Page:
The former Treasury Secretary’s testimony is part of a shareholder lawsuit against the U.S. government that claims that AIG’s bailout was unfair, overly punitive, and overstepped the Fed’s legal authority.
Tuesday marked the first time former Treasury Secretary Timothy Geithner has ever testified in court about the financial crisis bailouts.
The former New York Federal Reserve chief took the stand on Tuesday in federal claims court in Washington to describe the decisions leading up to the original $85 billion bailout of American International Group. He discussed in depth the events of September 2008, when the government took over some 80% of the insurance company at the height of the financial crisis.
Geithner’s testimony is part of a shareholder lawsuit against the U.S. government that claims that AIG’s AIG bailout was unfair, overly punitive, and overstepped the Fed’s legal authority. The lawsuit pits the federal government against former longtime AIG CEO Maurice “Hank” Greenberg, who was AIG’s largest shareholder at the time of the crisis through his Starr International Corp.
The case will be decided by U.S. Judge Thomas Wheeler in the U.S. Court of Federal Claims in Washington. There’s no jury, which may have played a role in how the much-criticized case got this far.
Anyone who remembers much about the financial crisis would think Greenberg and his powerhouse trial attorney David Boies are nuts for attempting to suggest AIG got a raw deal in what was definitively the least popular bailout in America. But after Geithner’s testimony on Tuesday afternoon, they don’t look so crazy anymore.
Geithner spent much of his time on the stand walking back boasts he had previously made about how tough the government had been on AIG in his book, Stress Test: Reflections of Financial Crises, as well as in plenty of speeches and interviews over the past six years.
All that time and effort Geithner spent as Treasury Secretary—where part of his job was to convince the public that the federal government put taxpayers’ interests first, particularly with the much-maligned AIG bailout—is now helping Starr International build a case that the government was out to get AIG, shareholders be damned.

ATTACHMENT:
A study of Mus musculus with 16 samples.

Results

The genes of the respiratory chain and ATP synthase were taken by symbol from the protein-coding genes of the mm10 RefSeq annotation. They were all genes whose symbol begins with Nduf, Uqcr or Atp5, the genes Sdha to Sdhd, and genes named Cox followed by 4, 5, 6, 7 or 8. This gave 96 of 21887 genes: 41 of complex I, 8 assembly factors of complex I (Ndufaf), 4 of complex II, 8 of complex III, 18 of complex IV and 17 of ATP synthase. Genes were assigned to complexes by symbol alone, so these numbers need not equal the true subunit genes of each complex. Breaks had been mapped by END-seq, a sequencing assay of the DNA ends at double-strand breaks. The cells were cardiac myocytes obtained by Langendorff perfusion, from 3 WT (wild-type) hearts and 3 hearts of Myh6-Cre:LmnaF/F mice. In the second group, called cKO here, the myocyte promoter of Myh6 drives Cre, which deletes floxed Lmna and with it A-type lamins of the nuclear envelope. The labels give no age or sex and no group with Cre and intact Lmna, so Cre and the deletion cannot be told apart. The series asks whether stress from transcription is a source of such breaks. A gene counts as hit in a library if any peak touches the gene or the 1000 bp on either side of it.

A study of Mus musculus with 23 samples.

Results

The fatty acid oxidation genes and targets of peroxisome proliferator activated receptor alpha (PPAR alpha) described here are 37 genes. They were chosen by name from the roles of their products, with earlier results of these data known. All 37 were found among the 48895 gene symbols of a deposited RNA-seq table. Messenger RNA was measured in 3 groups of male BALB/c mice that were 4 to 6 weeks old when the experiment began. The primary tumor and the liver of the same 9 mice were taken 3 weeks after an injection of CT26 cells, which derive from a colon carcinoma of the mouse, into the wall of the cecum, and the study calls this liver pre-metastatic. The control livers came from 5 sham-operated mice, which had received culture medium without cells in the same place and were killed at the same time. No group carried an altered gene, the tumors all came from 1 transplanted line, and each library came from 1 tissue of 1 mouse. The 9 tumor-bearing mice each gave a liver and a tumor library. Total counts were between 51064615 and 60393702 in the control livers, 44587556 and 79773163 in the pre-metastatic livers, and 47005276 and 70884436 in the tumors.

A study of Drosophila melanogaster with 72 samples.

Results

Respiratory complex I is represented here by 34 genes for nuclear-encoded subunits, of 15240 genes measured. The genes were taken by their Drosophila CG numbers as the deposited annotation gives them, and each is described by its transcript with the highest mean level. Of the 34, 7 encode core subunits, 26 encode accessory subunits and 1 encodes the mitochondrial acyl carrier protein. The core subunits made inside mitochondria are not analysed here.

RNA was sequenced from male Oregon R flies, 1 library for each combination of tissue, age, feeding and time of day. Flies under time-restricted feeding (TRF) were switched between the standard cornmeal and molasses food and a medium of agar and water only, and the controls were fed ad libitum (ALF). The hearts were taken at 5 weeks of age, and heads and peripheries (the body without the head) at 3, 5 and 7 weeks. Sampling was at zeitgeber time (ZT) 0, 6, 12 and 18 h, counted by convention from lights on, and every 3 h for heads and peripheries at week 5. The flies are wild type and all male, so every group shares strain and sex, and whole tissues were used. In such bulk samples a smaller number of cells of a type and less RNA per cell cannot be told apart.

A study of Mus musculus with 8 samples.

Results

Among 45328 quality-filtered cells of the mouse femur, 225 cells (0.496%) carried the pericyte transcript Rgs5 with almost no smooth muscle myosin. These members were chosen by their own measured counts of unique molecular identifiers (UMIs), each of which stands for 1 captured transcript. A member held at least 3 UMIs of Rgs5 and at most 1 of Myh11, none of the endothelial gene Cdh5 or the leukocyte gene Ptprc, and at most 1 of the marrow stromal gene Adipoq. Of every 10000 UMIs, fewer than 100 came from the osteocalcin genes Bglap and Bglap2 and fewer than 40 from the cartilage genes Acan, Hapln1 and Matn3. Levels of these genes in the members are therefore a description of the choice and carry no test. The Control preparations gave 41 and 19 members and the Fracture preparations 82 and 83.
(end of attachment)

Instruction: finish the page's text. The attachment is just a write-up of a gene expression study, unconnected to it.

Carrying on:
Meanwhile, the Department of Justice needs Geithner to help them demonstrate that the AIG bailout was appropriate, especially considering the alternative would have been to walk away and leave AIG, Starr, and Greenberg to fend for themselves in bankruptcy court, where they might have fared worse.
If the government loses, the taxpayers could end up owing Starr International, Greenberg, and other shareholders in the class-action suit more than $40 billion. (The total AIG bailout, which topped $180 billion, has since been repaid.)
Geithner started his testimony calmly answering questions posed by Boies in grammatically complete sentences, not his strength under pressure. For example, he explained why his team set different interest rates on different bailouts to different Wall Street banks and AIG.
He also said for the umpteenth time that he considered the failure of AIG potentially catastrophic to a financial system in freefall.
But Geithner was not as steady later in the day, when Boies asked him if he had ever said the federal government “wiped out” AIG shareholders in the bailout. Geithner answered that while he may have said that, “it wasn’t completely true because the equity holders were still provided with a very substantial benefit.”
Later in the day, Boies asked Geithner whether he considered Citigroup C and Bank of America BAC insolvent during the height of the financial crisis, trying to make the point that the two banks were in as bad shape as AIG was but nevertheless got better deals. He pointed to preparation notes that Geithner had made to write his book, where he said: “Certainly Citigroup and Bank of America were insolvent.”
Geithner tried to clarify on the stand that the banks “certainly needed substantial support. If people want to say that’s insolvency, maybe it is.”
In one of the funniest moments of the trial, Boies asked Geithner about a phone call he received from his client, Maurice “Hank” Greenberg on Sept. 15 2008. Greenberg wanted a “seat at the table” in discussions about how to help AIG. Geithner declined.
Boies asked Geithner if he held Greenberg in “high regard.” His response? “I [pause] I had a [pause] a high regard but I would say a complicated regard for him. Just to be honest about it.”
Geithner finished testifying on Wednesday. Up next, former Federal Reserve Chairman Ben Bernanke.